Raving about blue lights

Blue lights on campus may be the most efficient system for emergencies

By on March 6, 2018

Brendan Dillon | The Quinnipiac Chronicle
The blue lights that surround campus may not be the best way to get a hold of Public Safety in the case of an emergency.

Public Safety suggests that all students download the free mobile app, Rave Guardian. The app allows every students to essentially have a blue light in their pocket. Rave Guardian provides a platform in which students can call friends, public safety or local police with the tap of a button. The app also allows students to send tips to Public Safety if they see anything suspicious.

Additionally, there is an timer feature which allows students to give themselves a time frame to get from one location to another. If the student is not at the destination by the end of the timer, public safety is automatically called and an officer is sent to the spot.

“It’s a free app, so why wouldn’t you want to have it on your phone?” Training Officer Bradley Bopp said.

Students may be hesitant to download the app because they feel as though Public Safety is watching over them.

“The apprehension comes in as we’ve heard many many times is that Big Brother is watching,” Sergeant James Moniello said with a laugh, “That is not what it’s used for.”

The app, as well as the blue lights, are to be used for emergencies.

“The blue lights are for emergencies,” Moniello said, “but they also double as just a call box.”

There is a red button on the light that is used for emergencies and another to use the call box. Each of the 61 lights is tested before every school year to make sure they function properly. Even still, the lights can go out, but that does not mean the emergency button and call box are not functional. Moniello and Bopp encourage students to report to dead bulbs to Public Safety in the blue lights so they can put in a work order with facilities.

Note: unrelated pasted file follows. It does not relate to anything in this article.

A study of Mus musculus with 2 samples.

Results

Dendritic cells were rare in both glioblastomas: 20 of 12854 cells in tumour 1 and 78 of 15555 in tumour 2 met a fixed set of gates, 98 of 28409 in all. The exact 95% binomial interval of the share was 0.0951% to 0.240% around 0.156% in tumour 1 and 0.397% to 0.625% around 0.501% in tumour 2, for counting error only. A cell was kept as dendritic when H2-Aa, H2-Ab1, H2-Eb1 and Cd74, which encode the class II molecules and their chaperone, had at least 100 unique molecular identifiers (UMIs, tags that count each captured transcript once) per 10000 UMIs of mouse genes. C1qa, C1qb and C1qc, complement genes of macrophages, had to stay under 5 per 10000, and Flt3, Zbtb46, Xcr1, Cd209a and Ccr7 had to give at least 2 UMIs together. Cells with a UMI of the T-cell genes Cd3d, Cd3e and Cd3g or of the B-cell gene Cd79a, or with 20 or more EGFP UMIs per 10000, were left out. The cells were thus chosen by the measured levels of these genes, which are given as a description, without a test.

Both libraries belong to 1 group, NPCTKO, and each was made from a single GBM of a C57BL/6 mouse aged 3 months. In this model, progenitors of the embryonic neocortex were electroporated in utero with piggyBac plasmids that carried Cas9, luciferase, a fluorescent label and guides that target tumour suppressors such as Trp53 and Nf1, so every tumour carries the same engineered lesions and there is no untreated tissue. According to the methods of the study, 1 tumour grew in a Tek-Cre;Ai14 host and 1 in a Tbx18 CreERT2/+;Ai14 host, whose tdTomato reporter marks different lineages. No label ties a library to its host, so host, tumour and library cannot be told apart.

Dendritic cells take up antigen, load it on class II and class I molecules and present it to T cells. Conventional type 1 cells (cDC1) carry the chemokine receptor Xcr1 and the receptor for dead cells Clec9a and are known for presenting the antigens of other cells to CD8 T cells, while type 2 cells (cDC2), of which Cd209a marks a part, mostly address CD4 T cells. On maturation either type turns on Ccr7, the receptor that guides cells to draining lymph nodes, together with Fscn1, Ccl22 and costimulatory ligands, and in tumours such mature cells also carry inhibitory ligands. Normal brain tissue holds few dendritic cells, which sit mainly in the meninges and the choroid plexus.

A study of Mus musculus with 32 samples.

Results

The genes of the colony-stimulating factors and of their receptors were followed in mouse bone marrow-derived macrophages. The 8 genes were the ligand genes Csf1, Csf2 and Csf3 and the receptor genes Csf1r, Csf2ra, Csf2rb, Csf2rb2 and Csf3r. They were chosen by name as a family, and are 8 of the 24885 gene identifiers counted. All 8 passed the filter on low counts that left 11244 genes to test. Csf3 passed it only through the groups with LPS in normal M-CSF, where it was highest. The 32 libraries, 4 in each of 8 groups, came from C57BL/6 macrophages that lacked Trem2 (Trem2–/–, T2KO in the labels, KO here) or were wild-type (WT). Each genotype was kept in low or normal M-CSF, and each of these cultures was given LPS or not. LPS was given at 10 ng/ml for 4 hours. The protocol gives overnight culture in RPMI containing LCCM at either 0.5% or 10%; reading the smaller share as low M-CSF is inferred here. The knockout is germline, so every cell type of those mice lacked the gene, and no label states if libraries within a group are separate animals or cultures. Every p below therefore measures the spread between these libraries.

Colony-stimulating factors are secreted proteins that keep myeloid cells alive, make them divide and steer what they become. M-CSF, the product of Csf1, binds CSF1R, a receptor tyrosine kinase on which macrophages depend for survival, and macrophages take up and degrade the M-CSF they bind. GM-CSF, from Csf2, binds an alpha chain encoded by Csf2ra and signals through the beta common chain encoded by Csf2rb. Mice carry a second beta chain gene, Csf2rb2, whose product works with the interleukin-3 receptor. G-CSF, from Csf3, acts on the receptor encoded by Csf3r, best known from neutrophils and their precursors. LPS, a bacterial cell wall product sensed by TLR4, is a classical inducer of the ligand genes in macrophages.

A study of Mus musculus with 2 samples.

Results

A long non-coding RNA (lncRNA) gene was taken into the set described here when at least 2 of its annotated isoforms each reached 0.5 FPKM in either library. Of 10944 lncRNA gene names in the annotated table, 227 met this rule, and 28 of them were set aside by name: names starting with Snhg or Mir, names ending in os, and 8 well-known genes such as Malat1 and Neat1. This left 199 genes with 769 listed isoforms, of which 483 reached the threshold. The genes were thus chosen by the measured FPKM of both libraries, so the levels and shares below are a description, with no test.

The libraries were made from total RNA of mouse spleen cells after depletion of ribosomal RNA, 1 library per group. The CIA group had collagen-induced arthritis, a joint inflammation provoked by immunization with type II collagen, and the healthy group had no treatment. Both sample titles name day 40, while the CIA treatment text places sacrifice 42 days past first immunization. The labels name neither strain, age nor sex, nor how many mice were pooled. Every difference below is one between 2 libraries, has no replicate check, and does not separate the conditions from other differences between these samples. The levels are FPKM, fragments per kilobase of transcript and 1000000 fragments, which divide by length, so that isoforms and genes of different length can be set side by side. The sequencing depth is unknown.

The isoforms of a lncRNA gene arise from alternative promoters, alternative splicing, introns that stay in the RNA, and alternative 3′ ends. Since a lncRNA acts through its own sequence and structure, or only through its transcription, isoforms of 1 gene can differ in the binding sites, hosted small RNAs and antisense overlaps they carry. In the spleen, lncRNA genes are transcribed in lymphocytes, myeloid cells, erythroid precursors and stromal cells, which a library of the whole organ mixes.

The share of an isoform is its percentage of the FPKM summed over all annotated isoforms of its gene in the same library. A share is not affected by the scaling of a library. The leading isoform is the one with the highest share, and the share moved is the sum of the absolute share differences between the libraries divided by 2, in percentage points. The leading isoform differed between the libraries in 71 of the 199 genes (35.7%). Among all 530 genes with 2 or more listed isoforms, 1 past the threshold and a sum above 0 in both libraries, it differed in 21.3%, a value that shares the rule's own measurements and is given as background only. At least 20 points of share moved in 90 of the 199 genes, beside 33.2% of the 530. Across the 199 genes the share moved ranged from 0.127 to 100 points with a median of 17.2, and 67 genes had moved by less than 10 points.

The 61 lights are spread out around Quinnipiac’s three campuses. There are 17 on Mt. Carmel, 28 on York Hill and 16 on North Haven, according to Bopp. The lights are generally placed in parking lots, in the York Hill parking garage and on the way to the College of Arts and Sciences (CAS).

Students have used both Rave Guardian and the blue light network because they get locked out of their dorm, or need a door unlocked elsewhere, according to Moniello. If a student needs to get into a building, calling the generic Public Safety phone number will do the trick.

Bopp shared success stories about the Rave Guardian app, stressing that it does in fact work.

“It works, there just (aren’t) a lot of people using it,” Bopp said.

Likewise, not many students use the blue light system seriously. While misdials and pranks are pulled on the lights, Moniello could only recount one time when the lights were used in an emergency in his 21 years in Public Safety.

The lights are not only for emergencies, however, they are also a source of information. On top of Rave Guardian and the blue light system, Public Safety also offers a service to accompany students across campus. Again, Moniello and Bopp stressed that the escort service is for emergencies only.

“(This service) is not a shuttle service,” Moniello said.

While the blue lights are visible around parking lots, there are noticeably none on the Quad. Placing lights on the quad would affect Quinnipiac’s aesthetics, according to Moniello. This is where Rave Guardian comes in.

The app will not only preserve Quinnipiac’s landscape, but also save money. Without having to buy new light systems, and run phone lines underground, Rave Guardian allows students to have a custom blue light on them at all times.